Michael Hanson/Aurora Photos for NPR
Gary and Rachel Peterson were laid off together.
I've been spending time with a father and daughter in southwest Washingon state who both lost their jobs last January. Gary and Rachel Peterson both worked at a Weyerhaeuser sawmill Aberdeen. They didn't just lose their jobs, they also lost their trade. Aberdeen used to be a big timber town is now almost completely empty of industry. The mills are gone. And thanks to that fact, the Petersons qualify for what is, according to one local career counselor, the "Cadillac of all unemployment benefits."
The Trade Adjustment Assistance program is for people who worked in farm or manufacturing jobs that are being displaced by global trade. The Petersons now qualify for extra help with their job searches, relocation allowance, training and extra income support.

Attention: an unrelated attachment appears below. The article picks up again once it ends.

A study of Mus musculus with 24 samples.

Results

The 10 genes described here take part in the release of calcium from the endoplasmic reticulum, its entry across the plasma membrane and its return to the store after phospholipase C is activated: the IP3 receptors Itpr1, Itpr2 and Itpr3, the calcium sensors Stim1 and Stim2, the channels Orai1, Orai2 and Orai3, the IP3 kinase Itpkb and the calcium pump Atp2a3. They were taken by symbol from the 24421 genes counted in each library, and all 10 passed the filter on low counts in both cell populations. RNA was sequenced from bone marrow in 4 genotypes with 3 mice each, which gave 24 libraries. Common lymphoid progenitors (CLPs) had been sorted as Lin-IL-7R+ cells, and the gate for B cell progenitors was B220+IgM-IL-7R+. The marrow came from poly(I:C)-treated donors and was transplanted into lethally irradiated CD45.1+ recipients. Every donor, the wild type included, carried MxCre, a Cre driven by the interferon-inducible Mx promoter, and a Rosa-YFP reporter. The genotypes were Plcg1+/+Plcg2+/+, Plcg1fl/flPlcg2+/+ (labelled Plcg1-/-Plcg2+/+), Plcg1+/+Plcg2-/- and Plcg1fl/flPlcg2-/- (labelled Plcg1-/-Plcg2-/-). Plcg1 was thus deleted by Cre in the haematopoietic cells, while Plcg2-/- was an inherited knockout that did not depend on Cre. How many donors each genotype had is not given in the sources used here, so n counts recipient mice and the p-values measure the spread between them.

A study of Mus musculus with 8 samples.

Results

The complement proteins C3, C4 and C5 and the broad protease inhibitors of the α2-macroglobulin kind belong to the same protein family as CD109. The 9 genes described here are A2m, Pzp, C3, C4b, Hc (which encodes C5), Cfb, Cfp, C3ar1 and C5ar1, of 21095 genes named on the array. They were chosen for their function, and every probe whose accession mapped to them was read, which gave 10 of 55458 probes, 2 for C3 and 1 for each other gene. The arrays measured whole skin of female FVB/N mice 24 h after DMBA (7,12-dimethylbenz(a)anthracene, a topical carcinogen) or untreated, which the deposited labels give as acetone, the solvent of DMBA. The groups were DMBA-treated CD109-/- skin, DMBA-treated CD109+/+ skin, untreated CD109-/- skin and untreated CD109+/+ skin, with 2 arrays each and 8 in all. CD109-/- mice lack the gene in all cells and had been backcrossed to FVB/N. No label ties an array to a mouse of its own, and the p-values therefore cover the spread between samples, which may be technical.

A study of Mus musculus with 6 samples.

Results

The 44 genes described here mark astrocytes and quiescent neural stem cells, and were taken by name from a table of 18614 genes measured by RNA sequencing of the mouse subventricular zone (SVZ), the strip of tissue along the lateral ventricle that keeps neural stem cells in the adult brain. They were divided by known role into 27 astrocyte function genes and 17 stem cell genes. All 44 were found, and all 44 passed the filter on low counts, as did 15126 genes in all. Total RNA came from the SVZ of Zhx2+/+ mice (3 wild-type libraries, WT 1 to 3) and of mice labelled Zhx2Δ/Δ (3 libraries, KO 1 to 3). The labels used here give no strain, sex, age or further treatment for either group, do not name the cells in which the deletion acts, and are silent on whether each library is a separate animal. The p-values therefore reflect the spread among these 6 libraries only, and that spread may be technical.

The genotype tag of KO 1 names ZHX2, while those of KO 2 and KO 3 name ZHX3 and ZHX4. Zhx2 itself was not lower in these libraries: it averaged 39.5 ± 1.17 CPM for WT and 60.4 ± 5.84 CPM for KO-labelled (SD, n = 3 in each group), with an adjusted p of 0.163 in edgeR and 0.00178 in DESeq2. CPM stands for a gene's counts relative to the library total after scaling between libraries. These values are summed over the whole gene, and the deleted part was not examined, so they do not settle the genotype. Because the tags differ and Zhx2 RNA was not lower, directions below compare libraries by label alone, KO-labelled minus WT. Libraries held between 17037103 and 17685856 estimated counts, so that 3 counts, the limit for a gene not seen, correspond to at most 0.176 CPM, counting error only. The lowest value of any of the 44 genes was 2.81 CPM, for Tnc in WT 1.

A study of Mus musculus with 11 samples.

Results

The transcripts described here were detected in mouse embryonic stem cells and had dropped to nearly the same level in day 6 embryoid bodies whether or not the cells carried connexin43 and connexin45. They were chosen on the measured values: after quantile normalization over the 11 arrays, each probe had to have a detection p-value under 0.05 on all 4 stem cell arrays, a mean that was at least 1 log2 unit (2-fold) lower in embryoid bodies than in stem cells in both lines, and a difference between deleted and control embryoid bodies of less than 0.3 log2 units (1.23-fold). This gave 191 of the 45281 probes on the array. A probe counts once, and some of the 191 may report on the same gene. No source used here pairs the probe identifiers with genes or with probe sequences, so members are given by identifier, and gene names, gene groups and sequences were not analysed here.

The Trade Adjustment Assistance program has been around for decades but President Obama is now throwing more money at it. From the WSJ:
Workers approved after May 18 will qualify for an 80% tax credit for health insurance, up from 65% currently. They'll be eligible for as much as 21/2 years of cash payments, up from two years now, with schooling and related transportation paid during the period. TAA beneficiaries over 50 who find lower-paying work can recoup as much as $12,000 in "lost" wages from the government, up from $10,000.
For Rachel Peterson, it means she can go back to nursing school and afford to have another baby. Gary Peterson doesn't want any of it. He does not want to go to school, does not want unemployment — he wants to work. He is hoping to get a job with a local construction company. More from the Petersons here and on All Things Considered today.